Professor Richard Bedford has been actively researching migration in the Pacific for 50 years. He first began research in the region in 1965 when he carried out field work in Kiribati and Tuvalu (then the Gilbert and Ellice Islands Colony) for a Master of Geography thesis on resettlement as a solution to economic and social problems.
He then went to Australia National University's Research School of Pacific Studies to complete a Doctor of Philosophy. His doctoral thesis explored internal migration in Vanuatu (then known as the Condominium of the New Hebrides before gaining independence in 1980).
Since then, he has carried on researching and teaching at the Universities of Canterbury and Waikato before joining AUT in the research office in 2010.
Richard is now carrying out research on the seasonal migration of Pacific workers employed in New Zealand’s horticulture and viticulture industries. He has been monitoring this scheme for the past six years.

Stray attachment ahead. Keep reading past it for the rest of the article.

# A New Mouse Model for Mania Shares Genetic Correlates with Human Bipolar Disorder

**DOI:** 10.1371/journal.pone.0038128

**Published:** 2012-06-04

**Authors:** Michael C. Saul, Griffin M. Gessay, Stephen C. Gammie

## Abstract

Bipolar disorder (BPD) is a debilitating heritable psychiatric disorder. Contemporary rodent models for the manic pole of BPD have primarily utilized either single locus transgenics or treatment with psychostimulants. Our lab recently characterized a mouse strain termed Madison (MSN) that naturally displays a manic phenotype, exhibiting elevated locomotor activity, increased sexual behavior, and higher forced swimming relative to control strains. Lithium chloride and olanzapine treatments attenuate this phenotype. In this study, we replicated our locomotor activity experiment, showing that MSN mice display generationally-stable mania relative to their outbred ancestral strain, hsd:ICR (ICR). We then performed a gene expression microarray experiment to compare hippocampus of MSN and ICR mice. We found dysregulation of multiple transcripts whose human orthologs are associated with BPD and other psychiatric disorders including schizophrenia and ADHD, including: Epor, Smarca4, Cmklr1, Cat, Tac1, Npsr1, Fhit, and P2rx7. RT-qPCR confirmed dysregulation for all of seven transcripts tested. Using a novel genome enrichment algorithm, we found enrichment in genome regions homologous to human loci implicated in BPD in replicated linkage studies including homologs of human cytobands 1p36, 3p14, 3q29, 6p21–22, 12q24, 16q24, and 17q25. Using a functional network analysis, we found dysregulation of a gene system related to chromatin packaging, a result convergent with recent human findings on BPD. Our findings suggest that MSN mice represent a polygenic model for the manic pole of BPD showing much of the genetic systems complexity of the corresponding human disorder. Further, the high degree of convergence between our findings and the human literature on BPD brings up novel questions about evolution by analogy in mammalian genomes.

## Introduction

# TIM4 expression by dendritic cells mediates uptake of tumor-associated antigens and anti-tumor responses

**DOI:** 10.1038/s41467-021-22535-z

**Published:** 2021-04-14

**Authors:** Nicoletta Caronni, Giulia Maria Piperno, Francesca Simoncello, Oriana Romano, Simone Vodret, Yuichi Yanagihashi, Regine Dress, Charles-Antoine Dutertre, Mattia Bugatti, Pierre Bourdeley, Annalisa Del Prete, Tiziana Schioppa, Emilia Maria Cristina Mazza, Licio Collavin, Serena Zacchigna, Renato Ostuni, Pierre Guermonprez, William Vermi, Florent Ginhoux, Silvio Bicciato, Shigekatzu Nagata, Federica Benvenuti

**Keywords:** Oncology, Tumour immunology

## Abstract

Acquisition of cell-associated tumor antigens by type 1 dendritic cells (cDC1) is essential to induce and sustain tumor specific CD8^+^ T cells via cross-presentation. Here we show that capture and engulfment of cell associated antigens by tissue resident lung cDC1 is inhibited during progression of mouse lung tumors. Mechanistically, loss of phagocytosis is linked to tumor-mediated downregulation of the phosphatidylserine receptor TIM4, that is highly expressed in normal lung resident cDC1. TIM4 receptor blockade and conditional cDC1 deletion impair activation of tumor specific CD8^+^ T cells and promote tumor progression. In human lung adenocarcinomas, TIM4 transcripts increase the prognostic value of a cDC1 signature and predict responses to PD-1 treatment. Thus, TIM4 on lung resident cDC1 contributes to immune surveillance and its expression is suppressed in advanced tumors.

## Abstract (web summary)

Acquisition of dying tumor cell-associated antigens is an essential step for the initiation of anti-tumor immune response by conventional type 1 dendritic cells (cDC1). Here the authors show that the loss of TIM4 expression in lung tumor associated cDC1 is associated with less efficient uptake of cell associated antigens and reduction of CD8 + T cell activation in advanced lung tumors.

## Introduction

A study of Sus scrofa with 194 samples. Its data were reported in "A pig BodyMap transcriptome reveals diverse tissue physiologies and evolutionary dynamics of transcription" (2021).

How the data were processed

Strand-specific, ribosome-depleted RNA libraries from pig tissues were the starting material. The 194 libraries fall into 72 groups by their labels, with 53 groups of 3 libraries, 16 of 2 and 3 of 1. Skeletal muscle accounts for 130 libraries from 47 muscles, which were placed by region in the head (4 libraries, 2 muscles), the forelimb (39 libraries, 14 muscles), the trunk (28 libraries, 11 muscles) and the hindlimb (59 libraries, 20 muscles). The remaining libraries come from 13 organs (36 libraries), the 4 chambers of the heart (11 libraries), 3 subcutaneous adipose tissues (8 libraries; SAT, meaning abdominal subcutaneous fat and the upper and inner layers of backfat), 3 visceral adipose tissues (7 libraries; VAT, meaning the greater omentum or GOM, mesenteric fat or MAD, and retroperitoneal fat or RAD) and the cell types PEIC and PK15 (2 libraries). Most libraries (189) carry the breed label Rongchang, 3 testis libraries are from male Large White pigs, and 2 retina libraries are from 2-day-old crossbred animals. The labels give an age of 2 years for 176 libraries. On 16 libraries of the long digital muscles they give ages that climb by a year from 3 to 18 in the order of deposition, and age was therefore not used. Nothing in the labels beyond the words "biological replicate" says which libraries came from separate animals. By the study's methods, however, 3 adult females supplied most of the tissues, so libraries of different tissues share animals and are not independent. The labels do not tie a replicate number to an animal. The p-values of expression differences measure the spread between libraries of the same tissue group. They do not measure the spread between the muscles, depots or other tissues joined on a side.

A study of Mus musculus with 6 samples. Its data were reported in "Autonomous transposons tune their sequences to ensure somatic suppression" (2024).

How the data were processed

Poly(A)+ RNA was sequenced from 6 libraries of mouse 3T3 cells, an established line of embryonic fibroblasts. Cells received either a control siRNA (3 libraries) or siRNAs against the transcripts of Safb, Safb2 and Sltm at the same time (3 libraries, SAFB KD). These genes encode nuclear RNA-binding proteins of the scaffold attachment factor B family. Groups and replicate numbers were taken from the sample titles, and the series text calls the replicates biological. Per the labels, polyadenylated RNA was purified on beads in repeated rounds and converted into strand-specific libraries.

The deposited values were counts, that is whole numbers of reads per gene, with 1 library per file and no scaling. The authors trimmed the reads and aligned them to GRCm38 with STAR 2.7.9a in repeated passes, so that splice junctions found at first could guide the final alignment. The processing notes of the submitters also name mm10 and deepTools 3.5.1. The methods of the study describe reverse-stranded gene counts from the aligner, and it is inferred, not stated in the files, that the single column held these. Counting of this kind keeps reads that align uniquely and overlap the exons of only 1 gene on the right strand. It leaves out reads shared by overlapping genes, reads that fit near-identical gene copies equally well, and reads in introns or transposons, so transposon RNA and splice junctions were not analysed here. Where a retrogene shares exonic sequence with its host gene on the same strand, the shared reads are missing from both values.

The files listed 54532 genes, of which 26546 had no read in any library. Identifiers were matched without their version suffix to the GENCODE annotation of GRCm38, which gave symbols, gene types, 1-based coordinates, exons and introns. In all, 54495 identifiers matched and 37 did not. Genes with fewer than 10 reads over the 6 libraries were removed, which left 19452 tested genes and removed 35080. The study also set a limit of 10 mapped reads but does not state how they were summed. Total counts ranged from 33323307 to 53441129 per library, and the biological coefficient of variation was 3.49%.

Richard is concerned that many New Zealanders still seem to view our large Pacific population in Auckland as “migrants”. In fact, over half of them were born in New Zealand and are New Zealanders just like he is.
Richard believes that AUT is different to other universities as it is very community focused; it pushes research that is relevant to the community around us, as well as being industry based.
Richard’s research has contributed towards the development of New Zealand’s immigration policy, especially over the past 15 years.
In the early 2000s he was a member of the Minister of Immigration’s Advisory Committee on Immigration, and he has assisted officials with the development of policies relating to the Pacific Access Category, the New Zealand Longitudinal Survey of Immigration (LIsNZ) and the Recognised Seasonal Employer (RSE) work policy.
Richard has been appointed President of the Royal Society of New Zealand from 1 July 2015.
In this role he is keen to see how New Zealand’s community of researchers can work with Pacific and Australian researchers to address key issues affecting the Pacific region.
He believes there is still scope for greater collaboration between institutions and academies when researching some of the big challenges facing societies in our part of the world.